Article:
An Iranian refugee in the UK was beaten to death and set on fire in his neighbourhood despite sending in calls for help to the police multiple times before his death. After the tragic incident, the Avon and Somerset police pulled together a predictive model retrospectively to identify high risk vulnerable people – the victim was at the top of that list.
“That was a very powerful moment for the force,” says Sean Price, a former Head of Business Improvement at Avon and Somerset and now Director of Industry Solutions (Europe, the Middle East and Africa), Public Sector and Healthcare at Qlik. “If this tool was integrated into the tasking and workforce practices of the organisation, we could understand how to prevent such incidents”. This is now the case and is helping to reduce harm and save lives across 1.6m people.
GovInsider spoke with Price to find out three ways governments are using predictive data tools to improve the lives of citizens.
Early intervention for youth offenders
Hillingdon London Borough Council is combining data from multiple agencies on a data visualisation platform built by Qlik to steer at-risk youths away from risky behaviour. The Council has launched the AXIS project, which aims to “identify and keep Hillingdon’s young people safe from criminal exploitation using smart, innovative analytics to identify, intervene, prevent and disrupt with targeted resources”, says Price. Early intervention teams can then flag high priority cases to relevant agencies who can provide the support to at-risk youths.
The team behind the AXIS project looks at data from across organisations such as the police, emergency departments at hospitals, schools and youth services to identify at-risk people. They look at two kinds of data. “Hard data” includes the crime rates of the neighbourhood they live in and their reoffending rates, amongst other factors. “Have they now been cleared of their drug and alcohol addiction, how often have they gone missing?” Price said, for instance.
The second kind, “soft data”, includes the language young people are using on social media. For example, “‘waps’ is slang for firearms, and ‘hit the stripes’ is slang for dealing drugs”, Price explains. “When you say ‘he or she is tapped’, it implies that the person has lost their mental ability to function.” Intervention officers know to pay attention to such vocabulary, which may be a sign of being involved in crimes.
Combining datasets across several organisations has proven successful for Hillingdon. This project has identified and helped 175 young people who were at risk of falling into crime. A mother whose 14-year-old son benefited from this project said: “Without AXIS my son would have got into serious trouble. They have helped him and me to understand how he could get hurt and made to do things that could hurt other people. He is not hanging around with bad friends anymore and has got into Prince’s Trust which I am really proud of.”
Flood emergency planning
Canada’s capital Ottawa is using data visualisation to design responses to floods. Their platform combines over two million rows of data on residents’ location, real time weather, water levels in rivers and satellite images of flooded areas to help emergency planning staff “visualise the impact of rising water to their community”, says Price.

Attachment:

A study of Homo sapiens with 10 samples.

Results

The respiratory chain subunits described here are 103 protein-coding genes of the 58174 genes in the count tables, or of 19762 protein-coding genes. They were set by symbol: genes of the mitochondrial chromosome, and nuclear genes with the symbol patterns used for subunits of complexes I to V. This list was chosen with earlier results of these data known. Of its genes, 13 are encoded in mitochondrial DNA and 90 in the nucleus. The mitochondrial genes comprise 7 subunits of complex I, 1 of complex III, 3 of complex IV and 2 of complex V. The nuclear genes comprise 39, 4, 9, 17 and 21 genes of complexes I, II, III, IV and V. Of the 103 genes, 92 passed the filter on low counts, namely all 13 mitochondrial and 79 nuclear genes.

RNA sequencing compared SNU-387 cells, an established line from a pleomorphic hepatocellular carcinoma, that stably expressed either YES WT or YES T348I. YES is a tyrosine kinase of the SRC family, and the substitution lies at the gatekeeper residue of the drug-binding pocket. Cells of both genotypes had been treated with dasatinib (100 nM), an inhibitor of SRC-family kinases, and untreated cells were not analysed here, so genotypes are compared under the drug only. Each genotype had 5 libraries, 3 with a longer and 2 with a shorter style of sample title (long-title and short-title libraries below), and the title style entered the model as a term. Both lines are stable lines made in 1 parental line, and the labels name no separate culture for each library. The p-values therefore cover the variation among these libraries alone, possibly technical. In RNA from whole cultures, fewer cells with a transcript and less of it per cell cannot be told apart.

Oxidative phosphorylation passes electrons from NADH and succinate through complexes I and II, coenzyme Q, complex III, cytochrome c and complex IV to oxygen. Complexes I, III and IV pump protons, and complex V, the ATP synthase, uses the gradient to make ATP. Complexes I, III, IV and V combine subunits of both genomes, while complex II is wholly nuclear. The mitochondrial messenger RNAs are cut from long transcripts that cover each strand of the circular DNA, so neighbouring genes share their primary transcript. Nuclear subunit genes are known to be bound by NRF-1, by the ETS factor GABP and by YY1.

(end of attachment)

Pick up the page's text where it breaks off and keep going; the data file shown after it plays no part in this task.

Emergency planning teams can use this data to predict when flooding would occur, and which areas need to be evacuated. “Rather than reacting and waiting to take the calls that come in, emergency planning teams are able to proactively move people,” says Price.
This tool also allows more targeted evacuation planning, so only people in specific regions that are predicted to flood will be moved. “Sometimes we just evacuate everybody but that’s at a huge cost, and we don’t necessarily have to do that,” notes Price.
Government agencies across the UK and the US are using data to predict how likely an employee is to resign. They have built a predictive model using data on previous employees who have left the organisation. This model is able to highlight a series of predictors that might make someone more likely to leave their job.
Length of service, for instance, could be a factor. Another predictor could be the type of role an employee is in. “Some roles are high stress, high pressure roles that could lead to significant burnout issues,” says Price. A police officer dealing with a large number of child protection cases might encounter cases of rape and abuse very frequently; and road safety officers would often see collisions and severe injuries on a frequent basis.
Being able to predict whether employees would leave a company is important for management of manpower and training. This is especially crucial in healthcare roles like doctors and nurses, which require a lot of staff training, and emergency services, where there’s a lack of trained staff. Having an early indication that an employee might leave allows organisations to provide more support for them. In cases where resignations can’t be prevented, the agencies are better prepared to manage the fallout.
Governments have a lot to gain from using predictive analytics. With Qlik, they are able to step in early to support youths with a high risk of vulnerability, they could protect citizens and minimise damage when flooding occurs; and they could optimise staff management with HR analytics. Prediction allows prevention, and as Price notes, “there’s nothing more powerful than when you’ve got an opportunity to prevent some of the most serious things happening in society.”